Charlene Chow donned her bicycle helmet at a Hubway station on April 2.Wendy Maeda/Globe staff/Globe Staff

A bike ride in the twilight of a snowy December afternoon is unlikely to save the planet, in and of itself. But it’s a step — or a pedal turn — in the right direction, eliminating at least some car trips during Boston’s grinding rush hour commutes and undoubtedly contributing to the fitness of riders out for a short errand or a longer spin.

So it’s good news for Boston that Hubway, the popular bike share program, is extending its season in the city to Dec. 31, and will reopen on March 1 of next year — a month earlier than in the past. In Cambridge, meanwhile, Hubway will be available to riders all winter long at most stations for the second year in a row.

The longer season builds on Cambridge’s pilot project last year, when the city logged about 2,000 rides a week from December through March — about 15 percent to 20 percent of ordinary usage, according to the city, with no crashes. “It was a very tough winter, and counter to what you might expect, we were very happy about it,” Cara Seiderman, Cambridge’s transportation manager, told the Globe earlier this year.


Officials offer a few cautionary notes: there will be fewer stations open in Boston, because those in the way of snowplows will have to be removed, according to Nicole Freedman, director of the city’s Boston Bikes program. And Brookline and Somerville are wrapping up Hubway operations on Nov. 26.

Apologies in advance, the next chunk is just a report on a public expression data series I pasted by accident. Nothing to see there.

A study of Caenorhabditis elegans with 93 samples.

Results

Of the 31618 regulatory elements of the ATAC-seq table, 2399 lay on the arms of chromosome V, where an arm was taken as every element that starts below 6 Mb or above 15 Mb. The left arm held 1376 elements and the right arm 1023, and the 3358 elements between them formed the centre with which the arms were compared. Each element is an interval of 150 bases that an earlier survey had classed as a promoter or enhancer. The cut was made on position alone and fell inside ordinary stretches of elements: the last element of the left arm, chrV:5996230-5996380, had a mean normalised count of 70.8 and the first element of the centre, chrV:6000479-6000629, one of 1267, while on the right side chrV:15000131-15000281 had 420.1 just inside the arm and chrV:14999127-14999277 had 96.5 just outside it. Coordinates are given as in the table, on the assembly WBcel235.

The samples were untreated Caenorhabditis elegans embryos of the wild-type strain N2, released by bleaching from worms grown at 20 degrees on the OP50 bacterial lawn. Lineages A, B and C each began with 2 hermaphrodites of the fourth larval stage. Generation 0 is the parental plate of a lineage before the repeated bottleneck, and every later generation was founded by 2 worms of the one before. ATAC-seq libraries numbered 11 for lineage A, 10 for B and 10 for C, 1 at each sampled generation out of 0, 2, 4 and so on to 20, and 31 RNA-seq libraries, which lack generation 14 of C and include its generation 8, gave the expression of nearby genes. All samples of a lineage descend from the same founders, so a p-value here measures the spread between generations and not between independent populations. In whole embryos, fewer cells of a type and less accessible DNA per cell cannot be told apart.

But the overall trend toward a longer Hubway season is encouraging evidence that cycling is becoming a normal, year-round mode of transportation, even in some of the most congested — and some of the coldest — cities in North America. In 2013, Toronto found that although winter ridership declined, there were still an average of 380 trips per bike share station in January, compared to 1,040 in August. Chicago’s Divvy bike share program logged 62,450 trips during a decidedly bitter winter this year, compared to the 280,000 trips the previous fall. In fact, Chicago’s Active Transportation Alliance released a report that found overall average winter bike ridership is still 40 percent of summer ridership. Washington D.C.’s Capital Bikeshare’s winter volumes were also 40 percent of summer usage, despite “a downright New-Englandish winter,” according to an e-mail from Darren Buck, bicycle program specialist for the city.


Their success speaks to the popular demand for more transportation options — and suggests that Hubway is headed in the right direction.